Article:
Barbara Bruene
  • Ames
  • interviewed 3-24-1999
  • artist's books, calligraphy, painting

about the artist

Barbara Bruene (pronounced Bree-nee) was born in Waterloo, Iowa, in 1936; she grew up in Reinbeck, Dinsdale, and Waterloo, Iowa, and from junior high through high school lived in Gladbrook, Iowa. She attended Iowa State University, intending to get a home economics degree, but became interested in art, got married, and ended up in Cedar Falls where she received her B.A. from the University of Northern Iowa (1958). She has two children. She received her M.A. in Graphic Design (1978) from Iowa State University, and an M.F.A. in Drawing (1986) from Drake University. She retired after teaching for twenty-three years at Iowa State.



artwork | audio


Fishing © 1993 Barbara Bruene | All Rights Reserved

Eve: Serpent's Gift © 1995 Barbara Bruene | All Rights Reserved

Museum of Memories: Lost and Forgotten © 1997 Barbara Bruene | All Rights Reserved

Graduation © 2000 Barbara Bruene | All Rights Reserved

audio audio

(see also Making Art in Iowa)


audio text


I did a lot of signage for my father's grocery store, and I enjoyed that. But it never occurred to me that lettering could be art. But recently I looked at the full-page advertisement that I had done for my family's grocery store. I had used two different alphabets, and I had alternated in a sense, dark and light, and I had alternated texture, which is a really simple way of saying pretty much what I've done ever since. But I sure didn't know that at the time. And certainly didn't think of that as art.

There was a home economics teacher, Mrs. Edith Murren, who was influential. And I think maybe the fact my mother had a degree in home economics, and then she was influential as well, probably had a lot to do with why I chose home economics when I first went off to undergraduate school. The lucky thing for me was that home economics at Iowa State included the art department. So right away I took some art classes. It was clear to me by the time I was ready to declare a major, that art would be my major.


One of the things I like about letters has to do with their shapes—the interior shapes as well as the lines themselves. My work is usually really colorful, a lot of saturated color. I think each line of writing has a kind of texture to it—just like a different brush stroke or a pencil or a different tool makes a particular kind of mark—so that I'm almost drawing with a line of writing. And I'm real interested in what the content of those words is. And I'm very interested in composition. I love working out that puzzle in each piece, of balancing the elements, of making them do something interesting. All the lettering that I do uses gouache, and then I use transparent watercolor a lot. A kind of secondary media would be pastels, which I'm using as dust; I'm rubbing them into the paper.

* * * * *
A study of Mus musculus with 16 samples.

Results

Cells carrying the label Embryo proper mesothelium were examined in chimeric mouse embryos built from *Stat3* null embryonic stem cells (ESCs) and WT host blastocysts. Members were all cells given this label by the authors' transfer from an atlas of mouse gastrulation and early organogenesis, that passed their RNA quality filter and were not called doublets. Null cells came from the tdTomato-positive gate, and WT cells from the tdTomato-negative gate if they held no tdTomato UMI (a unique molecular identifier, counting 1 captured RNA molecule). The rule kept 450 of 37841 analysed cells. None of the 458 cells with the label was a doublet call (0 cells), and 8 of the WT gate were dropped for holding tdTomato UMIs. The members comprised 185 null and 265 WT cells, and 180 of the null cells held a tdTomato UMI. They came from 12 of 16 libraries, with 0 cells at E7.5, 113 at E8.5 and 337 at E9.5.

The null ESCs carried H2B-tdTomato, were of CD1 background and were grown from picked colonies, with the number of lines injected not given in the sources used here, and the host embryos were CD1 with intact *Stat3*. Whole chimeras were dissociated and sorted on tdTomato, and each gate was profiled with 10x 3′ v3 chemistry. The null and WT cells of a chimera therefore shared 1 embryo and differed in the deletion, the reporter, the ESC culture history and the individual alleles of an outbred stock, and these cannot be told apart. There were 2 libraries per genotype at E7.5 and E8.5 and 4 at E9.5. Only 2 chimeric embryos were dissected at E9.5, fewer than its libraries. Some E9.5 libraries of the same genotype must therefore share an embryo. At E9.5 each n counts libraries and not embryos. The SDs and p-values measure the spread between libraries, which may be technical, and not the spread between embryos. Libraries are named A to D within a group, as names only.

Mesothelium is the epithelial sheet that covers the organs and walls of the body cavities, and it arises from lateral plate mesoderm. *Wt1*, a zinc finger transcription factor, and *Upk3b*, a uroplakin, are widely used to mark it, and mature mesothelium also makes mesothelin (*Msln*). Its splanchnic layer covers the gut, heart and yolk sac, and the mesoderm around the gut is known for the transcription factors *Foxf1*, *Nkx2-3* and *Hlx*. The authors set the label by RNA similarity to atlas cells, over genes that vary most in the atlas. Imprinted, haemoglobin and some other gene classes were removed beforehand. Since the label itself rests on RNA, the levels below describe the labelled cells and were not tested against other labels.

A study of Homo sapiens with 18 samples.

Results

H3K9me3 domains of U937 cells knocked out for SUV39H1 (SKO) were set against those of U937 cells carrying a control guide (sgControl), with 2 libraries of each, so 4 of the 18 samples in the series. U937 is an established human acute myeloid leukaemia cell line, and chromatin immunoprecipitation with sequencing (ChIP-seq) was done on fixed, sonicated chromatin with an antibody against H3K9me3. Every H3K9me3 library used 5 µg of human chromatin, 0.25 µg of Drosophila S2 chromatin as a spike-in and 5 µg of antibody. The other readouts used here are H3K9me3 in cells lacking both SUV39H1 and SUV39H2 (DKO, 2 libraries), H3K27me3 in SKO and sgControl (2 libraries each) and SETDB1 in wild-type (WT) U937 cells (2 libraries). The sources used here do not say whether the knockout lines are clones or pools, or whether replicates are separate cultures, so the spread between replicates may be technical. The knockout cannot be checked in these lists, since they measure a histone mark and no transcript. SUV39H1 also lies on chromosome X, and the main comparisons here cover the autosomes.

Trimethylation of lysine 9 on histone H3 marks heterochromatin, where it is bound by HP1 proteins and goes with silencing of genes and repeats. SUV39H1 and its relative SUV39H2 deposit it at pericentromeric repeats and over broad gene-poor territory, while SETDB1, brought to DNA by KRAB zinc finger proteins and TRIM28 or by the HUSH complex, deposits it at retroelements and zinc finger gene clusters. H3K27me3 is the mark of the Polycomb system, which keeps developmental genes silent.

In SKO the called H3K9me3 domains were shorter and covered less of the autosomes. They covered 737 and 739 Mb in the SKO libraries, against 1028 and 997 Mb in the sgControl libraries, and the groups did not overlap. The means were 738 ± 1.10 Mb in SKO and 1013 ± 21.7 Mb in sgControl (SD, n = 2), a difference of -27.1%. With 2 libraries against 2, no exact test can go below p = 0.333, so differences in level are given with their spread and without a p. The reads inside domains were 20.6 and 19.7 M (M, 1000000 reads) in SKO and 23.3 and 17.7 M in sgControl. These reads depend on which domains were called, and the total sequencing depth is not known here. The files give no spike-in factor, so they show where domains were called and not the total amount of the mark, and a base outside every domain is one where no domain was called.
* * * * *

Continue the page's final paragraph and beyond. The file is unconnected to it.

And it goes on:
The wonderful thing about doing art, I think, is all the things that happen in the process of actually doing it—when working with the materials. And the materials won't always do what you would like them to do; that, therefore, sends you in another direction. Or they do something wonderful that you hadn't anticipated and then you can run with that. So I'm pretty fast onto a full-size sheet of watercolor paper. And then I'm pretty impatient. I really like to get color going. And usually I don't like it at first, I don't like what I first put down. But I love working in layers, so I like density of imagery, and layering.


Much as a writer composes with words, a visual artist composes with materials and imagery. There's a really deep satisfaction in solving a problem, causing the elements to express what you want. And once it's finished, it almost becomes outside of yourself. I mean, I certainly care about it. But somehow it's kind of on the exterior, and all the process is interior. And I like them when they're done, but the great pleasure is in the doing. And it seems necessary to me to do—I have lots of other things that I enjoy doing, but I do at some point become tense or edgy or something if I'm not spending some of my time making art. But the good thing about that is it's fairly easy to solve. I know what to do!


I'm most delighted, I guess, when people bring their own experiences to it. I really enjoy hearing people talk about their own lives, in a sense triggered by something they saw in the work. I think of the words almost like life drawing or figure drawing—any painting that has a realistic image of a person in it has a certain kind of power. And I think words have some of that same kind of power. So it brings out sort of interesting things. And I think all art does that. You respond—it reminds you of your own experiences somehow, even if it's just a gutsy good feeling about a painted surface of some sort. Something in you responds to it.